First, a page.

Vol. LIX, No. 1
  January 12, 2007
 Features
NIH’ers Unite to Help Fire Victims
NIAMS Relies on Administrative Support
New Fire Alarm System Leads Campus Security Upgrades
NIH Web Sites Win Customer Satisfaction
CC Staff Competes for Best Gingerbread House
 Departments
Briefs
Milestones
Volunteers
  The new Gateway Center will open in summer ’07.
  The new Gateway Center will open in summer ’07.

Starting next summer, visitors to NIH will receive a new kind of welcome. With the Gateway Center—a 139,440-square-foot project now being built near the Medical Center Metro station—newcomers will find their own designated facility where they can park their cars and receive guest badges, directions, shuttle schedules, campus information and more.

The Gateway Center, going up on the south side of the South Dr. entrance to campus from Rockville Pike, will replace the current, temporary method of filtering non-patient entrants through a security screening area housed in trailers near Metro. “What you have right now is a temporary situation and I believe that for people unfamiliar with NIH it could be very confusing,” said Shahriar Saleh, a project officer in the Office of Research Facilities and manager of Gateway Center construction. He explained that the project took seed in 2003, when NIH determined that a “more formal, permanent” station would help visitors get oriented to the large campus. A study was conducted and the area near the Metro station was deemed the most appropriate locale.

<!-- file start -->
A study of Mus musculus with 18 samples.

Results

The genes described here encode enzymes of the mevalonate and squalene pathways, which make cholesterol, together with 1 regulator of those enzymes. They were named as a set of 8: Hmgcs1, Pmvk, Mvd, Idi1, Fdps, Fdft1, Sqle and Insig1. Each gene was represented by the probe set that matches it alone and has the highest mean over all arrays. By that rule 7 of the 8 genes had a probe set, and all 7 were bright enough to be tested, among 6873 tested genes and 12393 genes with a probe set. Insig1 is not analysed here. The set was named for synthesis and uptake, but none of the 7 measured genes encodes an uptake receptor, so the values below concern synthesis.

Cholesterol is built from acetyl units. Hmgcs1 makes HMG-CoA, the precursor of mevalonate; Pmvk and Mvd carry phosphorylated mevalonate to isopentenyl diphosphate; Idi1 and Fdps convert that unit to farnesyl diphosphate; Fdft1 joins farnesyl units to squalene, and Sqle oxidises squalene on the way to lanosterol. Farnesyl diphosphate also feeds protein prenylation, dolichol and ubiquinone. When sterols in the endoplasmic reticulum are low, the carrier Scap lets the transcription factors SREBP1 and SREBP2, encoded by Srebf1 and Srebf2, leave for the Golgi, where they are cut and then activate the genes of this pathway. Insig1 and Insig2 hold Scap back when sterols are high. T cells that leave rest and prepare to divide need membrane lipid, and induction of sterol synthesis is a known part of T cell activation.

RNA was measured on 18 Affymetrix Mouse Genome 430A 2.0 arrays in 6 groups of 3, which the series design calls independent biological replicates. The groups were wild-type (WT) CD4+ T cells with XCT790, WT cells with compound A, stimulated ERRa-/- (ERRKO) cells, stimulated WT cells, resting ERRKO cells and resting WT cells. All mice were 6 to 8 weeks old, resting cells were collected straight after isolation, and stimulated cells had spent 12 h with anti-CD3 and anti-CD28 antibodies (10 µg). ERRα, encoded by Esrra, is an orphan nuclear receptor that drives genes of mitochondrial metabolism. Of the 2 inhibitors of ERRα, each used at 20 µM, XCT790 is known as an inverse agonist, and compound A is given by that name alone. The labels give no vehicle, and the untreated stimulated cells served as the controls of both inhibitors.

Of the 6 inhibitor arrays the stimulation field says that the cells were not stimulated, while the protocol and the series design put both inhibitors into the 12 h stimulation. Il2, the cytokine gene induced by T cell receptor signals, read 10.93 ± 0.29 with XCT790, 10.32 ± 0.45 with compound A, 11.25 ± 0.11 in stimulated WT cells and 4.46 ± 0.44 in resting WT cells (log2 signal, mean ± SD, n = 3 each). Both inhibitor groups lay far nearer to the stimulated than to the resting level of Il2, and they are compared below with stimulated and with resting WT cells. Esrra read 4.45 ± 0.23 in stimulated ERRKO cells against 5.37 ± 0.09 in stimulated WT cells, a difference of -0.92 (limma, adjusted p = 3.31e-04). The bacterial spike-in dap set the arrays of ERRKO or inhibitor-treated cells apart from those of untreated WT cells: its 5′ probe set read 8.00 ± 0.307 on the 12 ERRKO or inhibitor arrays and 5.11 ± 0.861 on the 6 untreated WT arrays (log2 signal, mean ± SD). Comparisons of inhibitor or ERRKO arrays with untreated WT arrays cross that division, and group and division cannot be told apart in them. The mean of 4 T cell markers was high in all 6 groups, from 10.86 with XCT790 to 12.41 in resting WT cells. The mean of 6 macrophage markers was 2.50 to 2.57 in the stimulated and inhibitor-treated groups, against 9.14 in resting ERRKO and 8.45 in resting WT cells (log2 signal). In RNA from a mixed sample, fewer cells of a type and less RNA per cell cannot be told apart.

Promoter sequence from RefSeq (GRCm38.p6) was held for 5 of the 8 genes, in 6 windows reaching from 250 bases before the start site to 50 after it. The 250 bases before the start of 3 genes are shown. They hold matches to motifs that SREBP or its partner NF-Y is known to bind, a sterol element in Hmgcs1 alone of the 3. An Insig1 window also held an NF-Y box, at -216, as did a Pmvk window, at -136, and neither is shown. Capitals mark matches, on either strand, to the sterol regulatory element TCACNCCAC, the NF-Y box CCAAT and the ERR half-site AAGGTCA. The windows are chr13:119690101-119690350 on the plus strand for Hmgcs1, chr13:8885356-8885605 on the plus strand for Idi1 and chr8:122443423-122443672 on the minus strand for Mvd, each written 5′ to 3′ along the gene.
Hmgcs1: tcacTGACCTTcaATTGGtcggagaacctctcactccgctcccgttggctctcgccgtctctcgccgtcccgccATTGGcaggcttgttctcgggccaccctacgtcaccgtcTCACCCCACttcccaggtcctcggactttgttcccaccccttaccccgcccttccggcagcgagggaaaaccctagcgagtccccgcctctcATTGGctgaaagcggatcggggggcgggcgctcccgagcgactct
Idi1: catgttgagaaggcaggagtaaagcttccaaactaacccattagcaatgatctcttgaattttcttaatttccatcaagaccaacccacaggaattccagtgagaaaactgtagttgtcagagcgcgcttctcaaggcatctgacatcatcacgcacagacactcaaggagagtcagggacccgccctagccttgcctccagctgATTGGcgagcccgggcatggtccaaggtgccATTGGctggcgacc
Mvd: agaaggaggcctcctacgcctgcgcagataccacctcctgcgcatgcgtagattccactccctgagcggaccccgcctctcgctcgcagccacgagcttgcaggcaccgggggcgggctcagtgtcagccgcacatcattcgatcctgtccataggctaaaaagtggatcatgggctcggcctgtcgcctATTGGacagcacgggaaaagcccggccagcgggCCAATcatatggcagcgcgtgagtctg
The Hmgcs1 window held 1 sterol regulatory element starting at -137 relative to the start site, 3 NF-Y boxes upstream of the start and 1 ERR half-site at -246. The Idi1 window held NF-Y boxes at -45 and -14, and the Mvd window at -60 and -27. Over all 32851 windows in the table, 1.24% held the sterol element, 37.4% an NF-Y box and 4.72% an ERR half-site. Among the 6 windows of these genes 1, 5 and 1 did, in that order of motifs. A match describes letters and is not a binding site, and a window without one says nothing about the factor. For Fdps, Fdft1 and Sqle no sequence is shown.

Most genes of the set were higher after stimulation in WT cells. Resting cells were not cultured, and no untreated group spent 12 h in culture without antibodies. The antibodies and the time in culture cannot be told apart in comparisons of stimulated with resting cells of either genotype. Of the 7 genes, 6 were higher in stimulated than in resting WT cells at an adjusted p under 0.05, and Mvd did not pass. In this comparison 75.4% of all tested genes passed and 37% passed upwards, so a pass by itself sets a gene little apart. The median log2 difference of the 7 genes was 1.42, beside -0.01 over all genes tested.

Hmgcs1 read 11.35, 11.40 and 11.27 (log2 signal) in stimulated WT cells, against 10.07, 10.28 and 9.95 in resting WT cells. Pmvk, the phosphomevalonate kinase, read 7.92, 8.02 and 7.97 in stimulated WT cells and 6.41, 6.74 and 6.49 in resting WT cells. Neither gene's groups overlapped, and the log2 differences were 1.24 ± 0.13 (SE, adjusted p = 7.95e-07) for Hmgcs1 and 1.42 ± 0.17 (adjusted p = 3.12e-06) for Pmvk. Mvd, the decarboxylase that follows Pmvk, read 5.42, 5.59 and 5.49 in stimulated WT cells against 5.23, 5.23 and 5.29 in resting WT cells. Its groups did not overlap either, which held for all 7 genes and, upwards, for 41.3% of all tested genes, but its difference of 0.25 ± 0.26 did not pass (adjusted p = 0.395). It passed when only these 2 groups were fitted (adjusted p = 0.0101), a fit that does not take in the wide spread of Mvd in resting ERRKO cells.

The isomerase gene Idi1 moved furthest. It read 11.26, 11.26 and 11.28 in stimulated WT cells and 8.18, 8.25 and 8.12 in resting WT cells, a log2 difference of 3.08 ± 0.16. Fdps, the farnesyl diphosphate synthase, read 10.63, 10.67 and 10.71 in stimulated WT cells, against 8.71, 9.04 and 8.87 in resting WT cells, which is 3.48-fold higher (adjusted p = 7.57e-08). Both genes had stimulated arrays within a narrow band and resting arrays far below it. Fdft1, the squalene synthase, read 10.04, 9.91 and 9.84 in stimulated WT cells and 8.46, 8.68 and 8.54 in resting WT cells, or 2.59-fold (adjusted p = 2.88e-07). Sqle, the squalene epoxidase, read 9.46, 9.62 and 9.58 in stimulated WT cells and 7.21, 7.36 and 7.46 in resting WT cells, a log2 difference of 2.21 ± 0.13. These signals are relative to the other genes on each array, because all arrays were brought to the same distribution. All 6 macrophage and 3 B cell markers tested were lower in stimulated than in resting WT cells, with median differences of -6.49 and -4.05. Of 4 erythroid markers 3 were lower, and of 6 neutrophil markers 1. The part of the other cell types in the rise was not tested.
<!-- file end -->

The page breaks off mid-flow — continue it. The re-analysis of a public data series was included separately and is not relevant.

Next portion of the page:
Lecture Looks at Medicine, Healers Portrayed on Stage

To develop an enviable bedside manner, doctors might consider attending the theater. Historically, some of the most compassionate, effective models of medical care are seen in fiction on stage, according to recent National Library of Medicine lecturer Dr. Angela Belli.

“The human body under stress has been a source of speculation for dramatists since the first plays were presented before an engaged public,” she said, noting that Sophocles, in 409 B.C., offered one of the earliest portrayals of a warm and fuzzy physician in Philoctetes. A professor of English at St. John’s University in New York City, Belli discussed “The Art of Medicine on Stage: An Historical Perspective,” at a seminar hosted by NLM’s History of Medicine Division. “In an age when the powers of the human healer were restricted by a paucity of knowledge,” she said, “often the intervention of a god was the sole means of bringing about healing, at least on the stage. For Philoctetes the healing process begins with the power of love and compassion.”